Have you ever had something that seems to pop up everywhere you turn? A topic that just keeps appearing? Like an echo, it repeats, until you pay attention, listening to it resonance within your heart. Margret Feinberg calls these “Sacred Echoes”.
Recently, “silence” has been a sacred echo in my life. “Silence” has been percolating everywhere, vying for my attention. Articles on silence appeared on the Internet, Twitter, and Facebook. It emerged in my daily Scripture and devotional readings. Friends and family just happen to raise it in conversations.
Silence, solitude, and stillness were obviously calling to me; pulling me out of business, chaos and noise. Senses are overloaded as we are bombarded with images and stimulus. Life’s constant commotion – activities, talking, distractions, podcasts, traffic, music, texts, and media – can preclude silence and stillness. And on top of all this external noise, are minds are jam-packed with the internal static of our self-talk and internal dialogue.
Rather than managing our busy lives, our tendency is to allow it to control us. We seldom carve out time in our busy schedules to be alone, to sit still, and embrace silence. “In this modern age, with all the gadgets we have, people seem to fill up every moment with some external activity.” (ABC Science).
We have grown accustomed to noisy, fast paced, plugged-in lives. So much so, that when we become unplugged and are confronted with silence, it can be unfamiliar and unnerving. In fact, “In a recent study, participants experienced anxiety when separated from their cell phones. Without their phones, participants’ heart rate and blood pressure increased and their cognition decreased”. (Cellphone Separation Anxiety is Real, Zoe Schlanger).
Typically, when we are faced with silence, and the subsequent disquiet or anxiety, we rush to fill it with activity and distractions. Anything to escape silence. Will Dunham in a ABC Science article writes, “A US study published in the journal Science shows that most volunteers who were asked to spend no more than 15 minutes alone in a room doing nothing but sitting and thinking found the task onerous. In fact, in one of the experiments some of the volunteers, particularly the males, preferred to administer mild electrical shocks to themselves rather than sit and do nothing.”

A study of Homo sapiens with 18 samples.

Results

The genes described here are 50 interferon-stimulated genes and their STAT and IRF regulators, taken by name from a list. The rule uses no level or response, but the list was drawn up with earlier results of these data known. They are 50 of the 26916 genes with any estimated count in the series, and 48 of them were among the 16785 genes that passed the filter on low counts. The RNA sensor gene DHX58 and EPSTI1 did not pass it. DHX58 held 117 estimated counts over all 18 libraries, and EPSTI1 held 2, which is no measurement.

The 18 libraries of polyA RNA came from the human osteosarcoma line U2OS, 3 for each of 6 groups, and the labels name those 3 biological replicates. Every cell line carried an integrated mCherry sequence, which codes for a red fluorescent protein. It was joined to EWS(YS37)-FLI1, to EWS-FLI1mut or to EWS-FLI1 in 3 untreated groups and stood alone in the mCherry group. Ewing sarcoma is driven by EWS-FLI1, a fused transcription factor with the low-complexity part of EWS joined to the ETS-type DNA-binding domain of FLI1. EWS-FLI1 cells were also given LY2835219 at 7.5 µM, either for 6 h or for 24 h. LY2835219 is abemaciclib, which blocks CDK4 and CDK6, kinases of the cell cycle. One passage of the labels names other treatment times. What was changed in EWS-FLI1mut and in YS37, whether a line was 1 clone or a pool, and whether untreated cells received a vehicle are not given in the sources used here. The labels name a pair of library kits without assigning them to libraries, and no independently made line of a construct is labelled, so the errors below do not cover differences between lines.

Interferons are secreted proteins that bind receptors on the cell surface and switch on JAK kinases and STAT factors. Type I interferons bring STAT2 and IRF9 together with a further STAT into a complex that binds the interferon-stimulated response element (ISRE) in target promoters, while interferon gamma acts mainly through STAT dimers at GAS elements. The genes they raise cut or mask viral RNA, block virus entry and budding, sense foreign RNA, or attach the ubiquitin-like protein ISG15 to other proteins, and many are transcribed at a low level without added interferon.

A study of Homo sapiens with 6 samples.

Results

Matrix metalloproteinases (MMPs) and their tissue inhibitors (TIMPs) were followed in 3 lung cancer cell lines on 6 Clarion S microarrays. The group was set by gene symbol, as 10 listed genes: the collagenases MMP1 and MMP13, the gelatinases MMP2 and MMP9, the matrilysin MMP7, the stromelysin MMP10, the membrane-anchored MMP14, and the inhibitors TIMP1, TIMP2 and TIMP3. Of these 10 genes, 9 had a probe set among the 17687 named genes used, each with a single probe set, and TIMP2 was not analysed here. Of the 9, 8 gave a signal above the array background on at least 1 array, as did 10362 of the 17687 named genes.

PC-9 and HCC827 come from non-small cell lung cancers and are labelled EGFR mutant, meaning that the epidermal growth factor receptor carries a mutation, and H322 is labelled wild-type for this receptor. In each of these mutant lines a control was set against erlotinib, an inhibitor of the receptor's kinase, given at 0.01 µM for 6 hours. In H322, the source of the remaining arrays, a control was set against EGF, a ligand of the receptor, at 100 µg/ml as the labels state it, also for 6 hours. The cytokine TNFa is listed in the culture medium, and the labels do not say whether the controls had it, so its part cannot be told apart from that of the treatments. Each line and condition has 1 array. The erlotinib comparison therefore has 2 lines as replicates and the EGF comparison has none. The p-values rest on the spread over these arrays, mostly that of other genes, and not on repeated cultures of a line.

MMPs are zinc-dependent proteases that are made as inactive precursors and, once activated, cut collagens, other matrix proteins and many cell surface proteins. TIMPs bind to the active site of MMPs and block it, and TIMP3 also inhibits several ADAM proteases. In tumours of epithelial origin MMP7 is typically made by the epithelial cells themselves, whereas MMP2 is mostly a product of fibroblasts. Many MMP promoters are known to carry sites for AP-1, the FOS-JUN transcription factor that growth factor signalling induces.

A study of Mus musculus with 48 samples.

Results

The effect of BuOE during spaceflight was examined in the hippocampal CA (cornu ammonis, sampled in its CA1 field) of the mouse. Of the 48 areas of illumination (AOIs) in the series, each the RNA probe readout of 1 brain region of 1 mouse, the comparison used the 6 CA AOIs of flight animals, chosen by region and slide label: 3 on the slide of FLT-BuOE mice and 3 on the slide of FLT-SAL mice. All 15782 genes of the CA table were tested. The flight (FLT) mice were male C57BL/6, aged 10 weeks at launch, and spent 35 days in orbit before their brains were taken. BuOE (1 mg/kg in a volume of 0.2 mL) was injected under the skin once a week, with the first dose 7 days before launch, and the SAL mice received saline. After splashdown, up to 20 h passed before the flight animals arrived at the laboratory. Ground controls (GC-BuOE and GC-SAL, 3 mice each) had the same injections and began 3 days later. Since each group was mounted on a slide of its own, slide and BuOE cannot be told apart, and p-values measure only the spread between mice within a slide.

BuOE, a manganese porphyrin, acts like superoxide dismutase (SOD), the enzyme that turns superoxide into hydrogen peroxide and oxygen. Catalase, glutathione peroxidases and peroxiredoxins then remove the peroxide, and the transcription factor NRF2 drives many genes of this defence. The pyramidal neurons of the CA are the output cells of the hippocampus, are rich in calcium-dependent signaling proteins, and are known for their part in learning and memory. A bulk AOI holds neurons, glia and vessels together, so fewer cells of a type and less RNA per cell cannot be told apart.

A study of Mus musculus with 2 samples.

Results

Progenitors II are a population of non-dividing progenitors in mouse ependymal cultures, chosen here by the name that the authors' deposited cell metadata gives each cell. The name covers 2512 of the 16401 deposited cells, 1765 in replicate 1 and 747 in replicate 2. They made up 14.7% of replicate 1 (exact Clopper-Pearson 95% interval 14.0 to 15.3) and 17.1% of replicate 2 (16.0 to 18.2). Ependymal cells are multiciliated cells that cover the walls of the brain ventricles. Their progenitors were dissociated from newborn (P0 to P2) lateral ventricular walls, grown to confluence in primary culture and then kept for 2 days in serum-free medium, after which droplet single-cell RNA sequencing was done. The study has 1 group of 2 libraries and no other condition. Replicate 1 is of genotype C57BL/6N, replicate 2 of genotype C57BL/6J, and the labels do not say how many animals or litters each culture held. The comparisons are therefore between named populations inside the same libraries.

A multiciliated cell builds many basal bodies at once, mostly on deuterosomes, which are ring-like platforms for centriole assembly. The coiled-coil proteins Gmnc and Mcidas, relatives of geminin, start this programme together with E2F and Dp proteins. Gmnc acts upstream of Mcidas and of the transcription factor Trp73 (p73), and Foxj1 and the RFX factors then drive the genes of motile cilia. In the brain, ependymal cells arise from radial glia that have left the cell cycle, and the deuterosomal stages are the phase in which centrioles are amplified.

Imagine that. People would rather shock themselves than have to face silence and be alone with their thoughts. Why is it that we struggle with silence?
A recent article by Nathan Hale, discussed “Four Reasons We Are Afraid of Silence” (ChurchLeaders, Lead Better Every Day). He suggests that we are afraid of silence because in it we are confronted with our own thoughts and a sense of holiness. In the quiet, we come face to face with our lives, our personal creativity, and ourselves. And most importantly, in silence we “might actually hear the voice of God”, and then be confronted about the ways we could grow. We might be challenged to become more obedient, more loving, to repair broken relationships, to ask for forgiveness or to forgive, give up the idols we worship, or “leave treasured sins and long-held preferences behind”.
Scripture encourages time for silence. Jesus regularly escaped the crowds and His disciples, so He could seek moments of quiet reflection and prayer away from others (Luke 5:16; Mark 1:35). We are also inspired through Scripture to embrace silence in verses such as “When life is heavy and hard to take, go off by your self. Enter the silence.” (Lamentations 3:28) or “Be still, and know that I am God. (Psalm 46:10). For it is when we lean into silence and surrender to stillness, we are most able to deeply connect with God and ourselves.
- We find moments to dream and to reflect. Time to sift through what is going on in our lives; time to discover and observe things that we may have been missing because we are distracted. We begin to notice praise items and things of gratitude. We learn. We recharge and fill our emotional and spiritual tanks. And the busier we get, slowing down and settling into silence is even more critical. (Doing Nothing is Time Well Spent, Frank Sonnebery)
- We are confronted with truths. Truths that may be hard to face at first, but once faced, allow us to move forward in our sanctification. “It has been well said: “No man can expect to make progress in holiness who is not often and long alone with God”. (Prayerlessness, by Andrew Murray)
- We become transformed. We begin to look vertically to God, rather than horizontally to the world. We begin to sense God deeper ways. We discover He is our refuge.
I am answering the call of silence and solitude. As I do, I am discovering the richness and fruitfulness of being still. Is this something that resonates with you? Or is there another echo in your life that you need to start paying attention to?